As the IMF chief prepares to step down in September to lead the European Central Bank, the fight for the fund's next leader is on. Shoshana Kedem investigates Christine Lagarde's legacy in Africa
In 2000 the then managing director of the IMF, Horst Kohler, stepped off a plane into Nigeria's capital Abuja for a five-country "coast-to-coast" tour of the continent. His mission was to decide whether the Fund should cease lending to African countries for long-term development assistance and pass the function to the World Bank. This was the recommendation of a 1998 US Congress report by the Meltzer Commission.
Along the way, African leaders in Nigeria, Senegal, Cameroon, Mozambique and South Africa urged him to continue the Fund's presence. Before becoming Liberia's President, Ellen Johnson Sirleaf insisted to Kohler that the Fund was much-needed in Africa, but it had to stop being SAD--secretive, arrogant and domineering.
Kohler became convinced that the continent was integral to the IMF's two-fold mission: to provide global financial stability, and assist in the global war on poverty. He concluded: "There cannot be a good future for the rich if there isn't a better future for the poor."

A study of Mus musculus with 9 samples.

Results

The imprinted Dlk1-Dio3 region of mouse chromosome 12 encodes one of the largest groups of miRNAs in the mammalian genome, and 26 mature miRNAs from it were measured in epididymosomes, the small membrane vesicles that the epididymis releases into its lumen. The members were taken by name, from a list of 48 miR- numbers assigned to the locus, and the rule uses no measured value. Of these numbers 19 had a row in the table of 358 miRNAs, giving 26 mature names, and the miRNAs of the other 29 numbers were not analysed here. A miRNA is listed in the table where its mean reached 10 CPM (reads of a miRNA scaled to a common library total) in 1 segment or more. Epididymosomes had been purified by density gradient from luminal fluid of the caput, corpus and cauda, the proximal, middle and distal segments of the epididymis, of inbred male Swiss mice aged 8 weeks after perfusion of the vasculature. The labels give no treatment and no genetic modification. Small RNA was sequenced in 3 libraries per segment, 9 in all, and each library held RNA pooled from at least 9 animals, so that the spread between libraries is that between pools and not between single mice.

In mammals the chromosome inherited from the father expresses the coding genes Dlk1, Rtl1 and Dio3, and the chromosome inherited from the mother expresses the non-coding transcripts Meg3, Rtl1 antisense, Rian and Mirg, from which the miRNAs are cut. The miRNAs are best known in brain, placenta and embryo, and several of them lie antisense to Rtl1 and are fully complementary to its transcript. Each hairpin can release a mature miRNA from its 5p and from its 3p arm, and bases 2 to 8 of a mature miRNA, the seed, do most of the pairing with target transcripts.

Ever since, Africa has played a prominent role in IMF lending based on the understanding that unemployment, famine and climate change have a spillover effect on Western countries, says Mark Plant, a former IMF staffer and the director of sustainable development finance at the Centre for Global Development.
The views of the outgoing managing director, Christine Lagarde, are no exception. "Lagarde always had an eye for Africa ... she understood Africa well," Plant says. "She continued the trends that started with her three predecessors of opening up the IMF to more African decision-making. That Africans should take charge of their destiny in some ways, and that the Fund should be supportive rather than dictatorial."
A striking example of this came in 2014 with the Ebola epidemic outbreak in Sierra Leone, Guinea and Liberia. The IMF was the first to respond with $130m in immediate assistance to help balance payments and meet fiscal needs.
Lagarde, a former French finance minister, faced criticism that the epidemic wasn't a balance of payments crisis, and the IMF wasn't in the business of humanitarian aid. A lawyer by trade without the technical training of an economist, she saw the IMF as an agency that tackles problems with far-reaching economic consequences.